How to feed children: food freedom vs. food restriction.

I still haven’t totally found my ultimate position on how to feed children. The main dilemma for me is what to allow them to eat or to give them total food freedom like a good radical unschooler. This morning really proved my lack of a stance on the position when I felt explosive rage over Mr.Noodles and brightly coloured slushies. I had been practicing a lot of food freedom before this, with occasional reluctance and sighs of grief.
Gentle parenting, attachment parenting and especially radical Unschooling talk about empowering children through letting them make their own choices. Not only do radical unschoolers let them make their own choices as to what to eat at home, but they bring the food that they want into the house. The idea is that if we control their food, they will sneak it, want it more and wind up being adults that will binge on all the bad stuff they were deprived as children.
I get that. I also get that they need to listen to their own bodies, but what if their body screams for more chemical induced food highs?
I also get that they are children and in the same way that I don’t want their minds manipulated by religion or school, I don’t want them altered by chemicals and neuro toxins.
Those words: neuro toxins. They kept flooding me this morning as I thought about the Mr.Noodles. In my rage, I tore out the little package of death inside; the flavouring. I hid it in my pocket and dwelled on how different the children act when eating these foods. I very lightly touched on the other reasons, in my thoughts, that radical Unschoolers give their children complete food freedom… Is my distaste for certain foods just mybelief? Should I investigate it? Am I not trusting them? Will it make them want it more? The thing I knew for sure was that I wasn’t getting the philosophies and faking it to be in a certain category was not going to work.
What I did know for sure was that if I could just get to a place of love and connection and have a decent explanation for the kids, that things would be better. But I wasn’t there and I accepted it.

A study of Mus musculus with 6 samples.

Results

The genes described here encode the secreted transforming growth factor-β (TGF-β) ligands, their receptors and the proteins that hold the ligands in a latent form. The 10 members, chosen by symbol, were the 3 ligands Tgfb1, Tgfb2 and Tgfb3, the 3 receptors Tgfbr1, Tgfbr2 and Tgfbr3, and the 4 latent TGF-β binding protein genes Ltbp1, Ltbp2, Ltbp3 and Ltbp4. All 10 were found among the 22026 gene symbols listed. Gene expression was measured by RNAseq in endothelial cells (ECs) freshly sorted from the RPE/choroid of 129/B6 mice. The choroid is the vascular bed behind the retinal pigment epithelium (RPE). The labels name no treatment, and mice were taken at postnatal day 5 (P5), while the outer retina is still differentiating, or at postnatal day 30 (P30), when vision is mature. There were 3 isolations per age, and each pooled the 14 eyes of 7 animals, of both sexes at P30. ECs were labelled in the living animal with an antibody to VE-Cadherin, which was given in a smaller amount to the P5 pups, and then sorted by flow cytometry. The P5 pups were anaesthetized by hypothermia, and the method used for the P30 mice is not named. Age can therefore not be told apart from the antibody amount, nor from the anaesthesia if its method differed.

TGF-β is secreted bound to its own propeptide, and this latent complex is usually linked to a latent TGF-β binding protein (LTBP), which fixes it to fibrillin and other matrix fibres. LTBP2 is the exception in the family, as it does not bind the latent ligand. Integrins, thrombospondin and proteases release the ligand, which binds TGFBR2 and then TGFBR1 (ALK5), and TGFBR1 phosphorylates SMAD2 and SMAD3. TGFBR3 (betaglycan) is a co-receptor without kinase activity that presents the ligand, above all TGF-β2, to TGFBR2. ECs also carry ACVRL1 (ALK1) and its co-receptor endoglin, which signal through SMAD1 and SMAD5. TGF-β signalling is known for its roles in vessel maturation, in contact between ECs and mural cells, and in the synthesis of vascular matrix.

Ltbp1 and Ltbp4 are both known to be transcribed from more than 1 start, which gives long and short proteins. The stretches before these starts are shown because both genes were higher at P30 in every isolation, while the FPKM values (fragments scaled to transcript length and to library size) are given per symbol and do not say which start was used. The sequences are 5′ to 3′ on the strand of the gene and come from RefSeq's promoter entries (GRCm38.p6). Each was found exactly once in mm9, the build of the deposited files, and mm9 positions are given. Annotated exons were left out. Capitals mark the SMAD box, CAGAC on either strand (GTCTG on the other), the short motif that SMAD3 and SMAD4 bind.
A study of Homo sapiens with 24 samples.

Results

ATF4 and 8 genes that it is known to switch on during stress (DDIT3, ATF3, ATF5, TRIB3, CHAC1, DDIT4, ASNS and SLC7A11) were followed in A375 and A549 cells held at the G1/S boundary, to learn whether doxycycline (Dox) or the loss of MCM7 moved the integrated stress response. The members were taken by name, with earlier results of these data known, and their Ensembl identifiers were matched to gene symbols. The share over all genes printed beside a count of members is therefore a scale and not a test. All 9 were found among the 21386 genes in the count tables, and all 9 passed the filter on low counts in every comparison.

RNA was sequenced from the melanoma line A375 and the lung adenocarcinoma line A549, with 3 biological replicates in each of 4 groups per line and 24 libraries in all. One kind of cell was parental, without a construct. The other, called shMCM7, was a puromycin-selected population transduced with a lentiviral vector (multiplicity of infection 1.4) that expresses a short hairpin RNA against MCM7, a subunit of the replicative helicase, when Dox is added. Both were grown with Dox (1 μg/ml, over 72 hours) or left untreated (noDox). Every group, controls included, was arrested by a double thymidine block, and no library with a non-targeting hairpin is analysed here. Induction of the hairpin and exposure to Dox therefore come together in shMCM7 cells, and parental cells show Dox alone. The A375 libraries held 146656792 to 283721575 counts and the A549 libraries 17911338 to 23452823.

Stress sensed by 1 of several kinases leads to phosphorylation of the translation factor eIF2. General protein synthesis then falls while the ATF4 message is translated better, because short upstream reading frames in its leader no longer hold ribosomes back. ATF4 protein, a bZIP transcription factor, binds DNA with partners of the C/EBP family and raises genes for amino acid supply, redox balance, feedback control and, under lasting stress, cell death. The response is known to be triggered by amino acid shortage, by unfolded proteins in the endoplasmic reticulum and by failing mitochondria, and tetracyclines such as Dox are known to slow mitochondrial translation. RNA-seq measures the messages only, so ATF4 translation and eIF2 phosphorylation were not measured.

I continued with anger directed towards companies that use ingredients banned in other countries.
Neuro toxins. MSG. Trans fats… I was beginning to get dizzy thinking about it all.
And as I asked “WHY would people make this and why would people eat this?!?”, I only got angrier. My mom asked what I needed. I thought. I told myself that it’s ok and it will teach me something later. What I need is not apparent.
Well, it’s later and what have I learned?
Do I believe in food freedom?
Do I want to control what they eat?
Does it feel good for me?
I left the house, alone, for an appointment and I continued to ask these questions.
I discovered that I didn’t have the answers; that I only knew and breathed this moment.
This moment asks of me,
What is the highest good that can happen?
What is the positive side of it?
What calls me?
I let the slushies and Mr.Noodles wash over and out of me. I drove to the grocery store and bought all their favourite healthy snacks. I was focusing on the good. I stood at the cash register with my palms open and let the love flood through me to the cashier who had lost her daughter to cancer. I knew she was hurting despite her hard work and friendly attitude. She even asked me how I was. I let it come through and I realized that I didn’t need to form an opinion. I didn’t need to plan the perfect article with all the perfect advice on how to feed kids. We have it all inside, we just have to be open for it.


  1. Interesting post! I haven’t heard of food freedom before, I’m going to look into that some more. My son is just starting solids, so he’s only asked for what he sees. I try to keep good whole foods in the house but I’m sure that will change as he gets older.

  2. My naturopath lets his kids eat whatever they want. They focus on allowing their girls to develop a relationship with food where they understand how a particular food makes them feel. They ask them questions after they’ve eaten something, like watermelon or cake, and connect the way that they feel with the food that they’ve eaten. He says it works really well because now they just want foods that make them feel good. He also says that if they want whatever is served at a friend’s birthday party that they have the freedom to, but if they opt out that his family purchases or makes a healthy cake so that they can still have the fun of a treat when they get home.